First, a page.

Understanding John Yoo and the Bush presidency

Brad DeLong is continuing to maintain his stand against John Yoo.  To my mind, there is one clear way that John Yoo’s torture memos can be reconciled with his earlier writing on Clinton: He believes in the absolute primacy of the United States above all other nations.

Taking that as a postulate, placing US troops under foreign command becomes axiomatically unacceptable and was hence labelled unconstitutional [1], but allowing US agents to torture foreigners is acceptable, albeit unpleasant, because the victims are not American.

In practice, this becomes the application to the international stage of Richard Nixon’s famous 1977 quote, “when the President does it that means that it is not illegal.” Indeed, Condolezza Rice argued this exact point earlier this year (2009):

by definition, if it was authorized by the president, it did not violate our obligations under the Convention Against Torture.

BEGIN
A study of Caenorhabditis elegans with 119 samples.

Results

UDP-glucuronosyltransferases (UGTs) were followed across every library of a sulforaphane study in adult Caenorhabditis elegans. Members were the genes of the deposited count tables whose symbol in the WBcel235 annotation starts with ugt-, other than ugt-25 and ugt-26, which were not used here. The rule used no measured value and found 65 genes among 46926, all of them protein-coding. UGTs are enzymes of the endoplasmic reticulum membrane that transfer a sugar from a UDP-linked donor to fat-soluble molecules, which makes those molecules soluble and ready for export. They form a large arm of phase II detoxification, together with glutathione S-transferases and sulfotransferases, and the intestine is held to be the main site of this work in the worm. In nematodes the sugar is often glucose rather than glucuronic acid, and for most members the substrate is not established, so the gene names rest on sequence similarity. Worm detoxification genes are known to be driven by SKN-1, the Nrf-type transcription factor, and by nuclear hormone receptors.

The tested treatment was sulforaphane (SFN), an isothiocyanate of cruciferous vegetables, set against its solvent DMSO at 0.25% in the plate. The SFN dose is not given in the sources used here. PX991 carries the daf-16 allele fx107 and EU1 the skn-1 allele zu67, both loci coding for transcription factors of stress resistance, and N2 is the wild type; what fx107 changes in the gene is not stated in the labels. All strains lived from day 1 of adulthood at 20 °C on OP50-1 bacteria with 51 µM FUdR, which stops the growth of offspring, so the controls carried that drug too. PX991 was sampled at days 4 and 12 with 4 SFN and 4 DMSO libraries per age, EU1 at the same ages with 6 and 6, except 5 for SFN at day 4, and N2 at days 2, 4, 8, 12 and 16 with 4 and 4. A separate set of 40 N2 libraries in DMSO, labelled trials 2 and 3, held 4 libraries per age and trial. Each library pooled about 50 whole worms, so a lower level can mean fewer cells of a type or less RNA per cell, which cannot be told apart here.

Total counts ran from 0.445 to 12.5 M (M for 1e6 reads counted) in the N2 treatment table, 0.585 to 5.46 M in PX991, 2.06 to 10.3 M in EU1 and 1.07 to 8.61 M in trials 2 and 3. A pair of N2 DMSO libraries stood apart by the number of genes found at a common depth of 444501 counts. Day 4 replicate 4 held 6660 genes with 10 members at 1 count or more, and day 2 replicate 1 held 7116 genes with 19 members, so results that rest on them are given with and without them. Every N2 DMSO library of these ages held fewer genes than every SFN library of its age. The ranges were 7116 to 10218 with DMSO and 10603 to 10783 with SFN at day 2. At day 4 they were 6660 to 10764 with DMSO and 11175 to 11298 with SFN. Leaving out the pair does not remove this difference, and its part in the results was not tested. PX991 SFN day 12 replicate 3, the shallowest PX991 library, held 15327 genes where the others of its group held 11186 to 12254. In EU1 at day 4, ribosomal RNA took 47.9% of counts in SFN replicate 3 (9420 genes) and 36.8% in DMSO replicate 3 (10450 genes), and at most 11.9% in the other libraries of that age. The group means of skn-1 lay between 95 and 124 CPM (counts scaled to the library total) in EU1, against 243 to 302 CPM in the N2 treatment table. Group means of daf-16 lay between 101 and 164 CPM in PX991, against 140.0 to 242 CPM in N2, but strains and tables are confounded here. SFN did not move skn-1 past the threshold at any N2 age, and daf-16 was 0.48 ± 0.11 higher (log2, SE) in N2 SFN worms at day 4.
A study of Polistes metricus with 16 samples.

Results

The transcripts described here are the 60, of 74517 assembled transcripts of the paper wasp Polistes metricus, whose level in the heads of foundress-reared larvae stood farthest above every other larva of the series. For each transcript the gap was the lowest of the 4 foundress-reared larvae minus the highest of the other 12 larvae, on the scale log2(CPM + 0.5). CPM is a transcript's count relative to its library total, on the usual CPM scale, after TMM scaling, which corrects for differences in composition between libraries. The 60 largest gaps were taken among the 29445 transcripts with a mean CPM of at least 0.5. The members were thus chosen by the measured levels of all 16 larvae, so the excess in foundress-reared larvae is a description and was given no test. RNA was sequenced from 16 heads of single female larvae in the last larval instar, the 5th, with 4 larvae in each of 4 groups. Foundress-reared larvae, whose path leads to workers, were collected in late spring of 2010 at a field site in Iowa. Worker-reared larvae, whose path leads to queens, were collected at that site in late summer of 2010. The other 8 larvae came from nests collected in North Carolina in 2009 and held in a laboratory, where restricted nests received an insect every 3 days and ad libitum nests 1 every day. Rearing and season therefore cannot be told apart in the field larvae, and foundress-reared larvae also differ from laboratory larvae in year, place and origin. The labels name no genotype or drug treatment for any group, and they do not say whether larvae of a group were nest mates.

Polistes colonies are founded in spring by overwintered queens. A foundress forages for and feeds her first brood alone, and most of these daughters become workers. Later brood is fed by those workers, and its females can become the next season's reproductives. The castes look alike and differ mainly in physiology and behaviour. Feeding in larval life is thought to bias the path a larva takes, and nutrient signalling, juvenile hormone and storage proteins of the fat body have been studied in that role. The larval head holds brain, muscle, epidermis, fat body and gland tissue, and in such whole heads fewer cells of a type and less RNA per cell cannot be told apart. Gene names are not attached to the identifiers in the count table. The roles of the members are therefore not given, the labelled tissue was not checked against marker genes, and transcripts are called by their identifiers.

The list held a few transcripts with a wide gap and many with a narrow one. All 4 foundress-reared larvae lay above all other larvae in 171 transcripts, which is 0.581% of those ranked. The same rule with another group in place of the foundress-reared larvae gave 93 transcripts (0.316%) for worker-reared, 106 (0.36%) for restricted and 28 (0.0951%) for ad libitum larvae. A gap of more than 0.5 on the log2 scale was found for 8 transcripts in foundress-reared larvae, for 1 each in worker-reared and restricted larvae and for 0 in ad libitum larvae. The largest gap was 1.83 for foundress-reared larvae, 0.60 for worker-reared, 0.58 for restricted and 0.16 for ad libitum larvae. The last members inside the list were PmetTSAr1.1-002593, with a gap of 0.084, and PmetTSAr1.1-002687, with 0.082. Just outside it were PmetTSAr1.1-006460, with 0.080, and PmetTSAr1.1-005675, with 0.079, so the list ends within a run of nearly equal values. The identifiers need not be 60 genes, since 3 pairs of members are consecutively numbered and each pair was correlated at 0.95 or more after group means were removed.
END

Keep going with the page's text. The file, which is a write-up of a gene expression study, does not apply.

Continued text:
This is simply the logical application (to the arena of military torture) of the belief that America should ignore all international agreements that constrain it in any way because to do otherwise would impugn the sovereignty of the greatest and purest nation in the history of mankind. You really have to admire their mental fortitude in failing to acknowledge the reductio ad absurdum that the Bush torture doctrine represented for that belief.

[1] To almost all Americans (including lawyers), the word “unconstitutional,” especially when applied in a political setting (and when is it not?), essentially means “against my ideology.”